There are moments in life that determine our fates. Call them crossroads or decisions, determinations or resolutions, the labels matter not. What matters is that a choice must be made and the reverberations of that choice will be felt for the rest of our days.
Agnes has arrived at such a place.
She sits with two cards in her hand, a ten of spades and a six of diamonds, the blackjack dealer standing before her. No one sits beside her, her fellow gamblers having been relieved of their assets and long since gone home. It is a few minutes past four in the morning but the casino is bright, the music loud, and the building is pumped full of oxygen. From where Agnes sits it may as well be two in the afternoon.
She is winning.
Agnes has been conversing with the dealer all night and he’s heard all there is to hear about her grown children and their grown children and their children too. He knows her favorite books and where she goes to church and about her ladies clubs and that she crochets. And as the hours have come and gone, they have talked and laughed and sparred back and forth, him winning a hand, her winning two, him winning two hands, her winning one.
And finally they have built to this moment, she having thrust all her winnings, all her savings, to the center of the table in moment of do-or-die madness. Her heart is galloping, her hands shaking and she doesn’t know if she wants another card so she stalls by confiding, “I can’t believe how well this night has gone. I never win anything.”
And here the dealer stops and gives her a look, a look of warm sympathy as though he understands what she means but can’t allow her the sentiment. He says, “Don’t say you never win anything, Agnes. Don’t say you’re unlucky.”
She smiles without looking from her hand, her mind racing as she strains to calculate her odds.
“In my line of work, you hear it all the time: So-and-So is lucky but not me. So-and-So has a rabbit’s foot or a horseshoe or a four-leafed-clover wedged up their ass but not me.”
Agnes blushes at the unexpected profanity but says nothing, still studying her cards.
“Can you tell me the number of times you’ve said, ‘I could have been killed’ or ‘I should have been killed’ or ‘I nearly died’? Can you tell me how many close encounters you’ve had where looking back you wonder how you walked away? The odds that any of us has made it this far are remarkable and if this doesn’t leave you feeling lucky or blessed, I don’t know what will.”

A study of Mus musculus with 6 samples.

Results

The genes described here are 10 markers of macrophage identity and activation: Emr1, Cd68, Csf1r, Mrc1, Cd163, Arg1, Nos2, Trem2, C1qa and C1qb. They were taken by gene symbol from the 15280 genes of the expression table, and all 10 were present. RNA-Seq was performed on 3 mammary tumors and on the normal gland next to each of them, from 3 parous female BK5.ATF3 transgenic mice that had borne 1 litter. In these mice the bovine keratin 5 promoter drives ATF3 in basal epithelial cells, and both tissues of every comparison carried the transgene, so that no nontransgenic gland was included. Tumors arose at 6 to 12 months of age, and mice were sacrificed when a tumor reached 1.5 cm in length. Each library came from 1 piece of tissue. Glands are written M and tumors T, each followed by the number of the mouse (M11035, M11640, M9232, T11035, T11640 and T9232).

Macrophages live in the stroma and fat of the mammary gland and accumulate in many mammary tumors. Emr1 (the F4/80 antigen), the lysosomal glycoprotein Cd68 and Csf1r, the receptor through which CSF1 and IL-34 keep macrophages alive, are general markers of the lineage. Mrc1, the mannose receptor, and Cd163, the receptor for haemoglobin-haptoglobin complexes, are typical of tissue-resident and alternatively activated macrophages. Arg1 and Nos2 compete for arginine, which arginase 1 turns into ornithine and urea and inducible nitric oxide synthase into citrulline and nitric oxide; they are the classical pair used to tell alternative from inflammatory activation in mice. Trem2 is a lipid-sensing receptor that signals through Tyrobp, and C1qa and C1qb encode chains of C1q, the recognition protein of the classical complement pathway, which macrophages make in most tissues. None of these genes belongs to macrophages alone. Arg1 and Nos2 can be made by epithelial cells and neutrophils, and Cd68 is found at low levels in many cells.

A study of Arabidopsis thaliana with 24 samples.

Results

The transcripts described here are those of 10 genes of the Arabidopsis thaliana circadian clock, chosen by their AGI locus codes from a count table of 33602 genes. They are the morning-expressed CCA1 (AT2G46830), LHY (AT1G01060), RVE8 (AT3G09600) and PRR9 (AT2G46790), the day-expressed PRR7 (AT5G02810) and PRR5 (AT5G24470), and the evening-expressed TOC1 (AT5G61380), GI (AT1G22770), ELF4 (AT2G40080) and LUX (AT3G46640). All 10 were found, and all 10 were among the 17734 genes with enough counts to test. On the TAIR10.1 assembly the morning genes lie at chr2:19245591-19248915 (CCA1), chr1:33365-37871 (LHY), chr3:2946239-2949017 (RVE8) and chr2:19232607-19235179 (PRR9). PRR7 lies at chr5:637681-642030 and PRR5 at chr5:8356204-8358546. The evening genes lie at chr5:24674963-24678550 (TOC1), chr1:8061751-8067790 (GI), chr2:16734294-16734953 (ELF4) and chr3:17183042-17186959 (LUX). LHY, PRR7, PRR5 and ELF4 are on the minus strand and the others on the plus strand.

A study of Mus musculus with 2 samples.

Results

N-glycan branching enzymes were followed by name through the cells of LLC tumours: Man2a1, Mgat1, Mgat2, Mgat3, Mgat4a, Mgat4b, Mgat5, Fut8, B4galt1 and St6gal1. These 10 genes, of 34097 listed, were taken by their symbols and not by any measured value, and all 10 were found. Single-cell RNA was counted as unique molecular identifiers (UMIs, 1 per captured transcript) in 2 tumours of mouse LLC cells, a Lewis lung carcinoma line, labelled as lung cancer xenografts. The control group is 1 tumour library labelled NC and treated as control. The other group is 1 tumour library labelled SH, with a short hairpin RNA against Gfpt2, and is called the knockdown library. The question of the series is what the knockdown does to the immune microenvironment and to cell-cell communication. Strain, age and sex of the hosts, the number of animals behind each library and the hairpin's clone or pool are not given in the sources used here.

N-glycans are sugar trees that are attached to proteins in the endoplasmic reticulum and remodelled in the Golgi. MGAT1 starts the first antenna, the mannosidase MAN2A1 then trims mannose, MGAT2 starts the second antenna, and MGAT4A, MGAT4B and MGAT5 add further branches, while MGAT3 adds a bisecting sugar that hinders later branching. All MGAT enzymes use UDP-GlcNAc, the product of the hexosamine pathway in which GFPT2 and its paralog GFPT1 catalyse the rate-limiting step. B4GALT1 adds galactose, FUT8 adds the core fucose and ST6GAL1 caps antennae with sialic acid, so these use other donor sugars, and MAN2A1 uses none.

Agnes doesn’t know how many times she has cheated death. The number is probably somewhere between five or ten times she imagines, maybe a couple more.
“When people think of luck, they think of money. They think of lottos and raffles and game show prizes and all of those things are well and good,” the dealer says. “But Life…Life is the ultimate prize. To be alive, to awaken each day and to breathe and to laugh and to cry…these are the prizes we need to win, the alternative does away with any complementary parting gifts.”
Agnes nods over her cards grateful for this pep talk and the extra time it affords her to contemplate her hand. “Yes, yes, I suppose that’s true,” she says.
Here, he pauses until she looks up. Then he says, “the multi-millionaire who commits suicide is a cliche. It happens so often yet we’re still surprised when it does. We say things like ‘money can’t buy happiness’ or ‘at least you have your health’ but we don’t really mean it. Deep down, we all think we could solve our problems and buy some purpose in this life if we just had the cash.”
He falls silent and she doesn’t reply. There is a drawn out pause then he gestures toward her hand. “What’s it going to be?”
Agnes swallows hard. “Hit me.”
He peels off a card and lays it before her: the six of clubs.
She stares at the card then exhales in a long rasp. Her hand goes to her chest as she slides off her chair and into a heap on the floor.
“Oh Agnes, we’re sorry. You were so close!” says the dealer. “Looks like your luck has run out.”